The Texas Board of Education, which has long been an ideological battleground for the teaching of evolution, says it will limit the use of citizen review panels and instead give priority to teachers in determining science and history curricula.
Because Texas public schools represent such a large market for textbook publishers, the state has an outsized influence on what is taught in the rest of the country.
Science curricula in particular have become a source of tension over the past 30 years amid moves to downplay the teaching of evolution or to include biblically inspired creationism or "intelligent design."
Critics have been concerned that a small number of religious or political activists can dominate the process of approving texts, and the Board of Education's move appears to try to tamp that down.
Conflicts have also seeped into the approval of history textbooks in recent years, where some have sought to change the characterization of religion's role in the development of the early republic.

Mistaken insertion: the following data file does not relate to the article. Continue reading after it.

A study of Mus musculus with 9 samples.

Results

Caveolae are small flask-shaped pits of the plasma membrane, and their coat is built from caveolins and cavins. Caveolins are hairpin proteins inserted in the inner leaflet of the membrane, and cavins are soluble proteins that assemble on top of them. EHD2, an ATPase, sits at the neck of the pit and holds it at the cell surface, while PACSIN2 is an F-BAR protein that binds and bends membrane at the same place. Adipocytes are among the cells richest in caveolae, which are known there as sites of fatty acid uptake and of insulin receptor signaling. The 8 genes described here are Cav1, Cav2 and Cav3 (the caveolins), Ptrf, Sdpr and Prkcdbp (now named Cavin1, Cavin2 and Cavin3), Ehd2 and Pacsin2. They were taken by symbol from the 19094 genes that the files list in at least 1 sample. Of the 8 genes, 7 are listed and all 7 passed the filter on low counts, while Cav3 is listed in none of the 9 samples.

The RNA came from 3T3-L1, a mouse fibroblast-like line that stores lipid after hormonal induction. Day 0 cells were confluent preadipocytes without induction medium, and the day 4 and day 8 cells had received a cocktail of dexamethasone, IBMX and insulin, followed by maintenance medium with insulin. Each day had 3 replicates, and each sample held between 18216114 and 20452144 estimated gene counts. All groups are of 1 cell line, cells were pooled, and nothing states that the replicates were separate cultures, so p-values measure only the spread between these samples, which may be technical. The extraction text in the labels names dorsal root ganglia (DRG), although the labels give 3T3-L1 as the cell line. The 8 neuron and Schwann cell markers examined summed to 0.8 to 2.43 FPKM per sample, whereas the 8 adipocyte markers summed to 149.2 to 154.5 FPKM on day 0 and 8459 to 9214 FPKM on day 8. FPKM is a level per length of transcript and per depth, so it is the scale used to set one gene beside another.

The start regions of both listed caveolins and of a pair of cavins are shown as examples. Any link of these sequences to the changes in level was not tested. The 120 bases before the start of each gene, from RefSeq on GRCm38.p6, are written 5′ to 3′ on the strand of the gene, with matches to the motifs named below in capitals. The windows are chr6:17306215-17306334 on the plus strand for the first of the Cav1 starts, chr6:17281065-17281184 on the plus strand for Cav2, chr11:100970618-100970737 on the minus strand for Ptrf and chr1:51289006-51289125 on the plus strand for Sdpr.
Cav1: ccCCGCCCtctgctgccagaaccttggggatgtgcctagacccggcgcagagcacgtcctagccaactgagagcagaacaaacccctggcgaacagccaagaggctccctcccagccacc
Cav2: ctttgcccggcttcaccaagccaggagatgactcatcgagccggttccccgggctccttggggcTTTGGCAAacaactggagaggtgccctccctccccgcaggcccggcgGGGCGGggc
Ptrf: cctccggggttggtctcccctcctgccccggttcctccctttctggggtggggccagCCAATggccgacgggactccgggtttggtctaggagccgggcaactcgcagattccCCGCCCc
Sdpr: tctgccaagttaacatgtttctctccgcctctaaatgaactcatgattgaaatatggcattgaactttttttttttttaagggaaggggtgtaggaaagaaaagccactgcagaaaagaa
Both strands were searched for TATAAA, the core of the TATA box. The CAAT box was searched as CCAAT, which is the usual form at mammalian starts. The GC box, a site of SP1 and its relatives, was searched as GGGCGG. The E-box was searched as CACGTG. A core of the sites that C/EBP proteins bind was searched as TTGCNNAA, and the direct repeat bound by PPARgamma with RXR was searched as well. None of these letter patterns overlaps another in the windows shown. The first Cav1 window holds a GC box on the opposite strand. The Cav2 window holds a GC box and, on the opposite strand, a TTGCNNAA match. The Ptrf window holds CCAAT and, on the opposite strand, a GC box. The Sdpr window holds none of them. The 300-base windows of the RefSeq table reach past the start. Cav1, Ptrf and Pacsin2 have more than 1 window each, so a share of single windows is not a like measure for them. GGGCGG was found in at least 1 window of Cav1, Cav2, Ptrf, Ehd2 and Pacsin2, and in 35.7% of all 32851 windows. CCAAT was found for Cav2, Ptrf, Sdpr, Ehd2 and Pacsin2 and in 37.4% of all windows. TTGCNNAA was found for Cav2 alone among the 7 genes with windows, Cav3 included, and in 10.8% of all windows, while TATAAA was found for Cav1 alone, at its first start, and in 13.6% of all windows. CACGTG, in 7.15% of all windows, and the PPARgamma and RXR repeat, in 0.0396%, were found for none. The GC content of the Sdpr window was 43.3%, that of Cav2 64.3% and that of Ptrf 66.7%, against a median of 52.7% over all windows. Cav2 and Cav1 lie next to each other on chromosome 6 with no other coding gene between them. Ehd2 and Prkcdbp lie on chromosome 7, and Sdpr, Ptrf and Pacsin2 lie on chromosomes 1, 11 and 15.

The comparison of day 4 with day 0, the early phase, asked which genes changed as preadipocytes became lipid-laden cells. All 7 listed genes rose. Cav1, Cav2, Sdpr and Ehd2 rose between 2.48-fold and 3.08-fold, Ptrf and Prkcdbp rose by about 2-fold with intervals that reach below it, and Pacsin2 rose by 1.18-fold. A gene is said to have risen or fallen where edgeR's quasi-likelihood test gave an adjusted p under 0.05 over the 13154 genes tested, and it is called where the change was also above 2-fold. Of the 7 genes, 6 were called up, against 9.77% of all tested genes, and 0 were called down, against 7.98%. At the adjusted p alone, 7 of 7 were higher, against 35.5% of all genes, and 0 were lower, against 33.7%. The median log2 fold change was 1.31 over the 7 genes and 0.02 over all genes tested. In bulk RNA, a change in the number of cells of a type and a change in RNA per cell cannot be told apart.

Among the changes approved by the state on Friday was "a mandate for teachers and professors to be given priority for serving on textbook review panels for subjects in their areas of expertise. They also enable the board to appoint outside experts to check objections that review panels raise," The Associated Press says.
Meanwhile, South Dakota became the fourth state so far this year to take up legislation that would allow public schools to teach intelligent design. Similar bills have been introduced in Virginia, Missouri and Oklahoma.
Proponents of intelligent design, which teaches that humans and animals were specially created by an unnamed entity, say it should be taught as an alternative to the scientific theory of evolution by natural selection. However, most scientists say intelligent design doesn't qualify as a theory because it cannot be falsified and has not demonstrated any predictive value.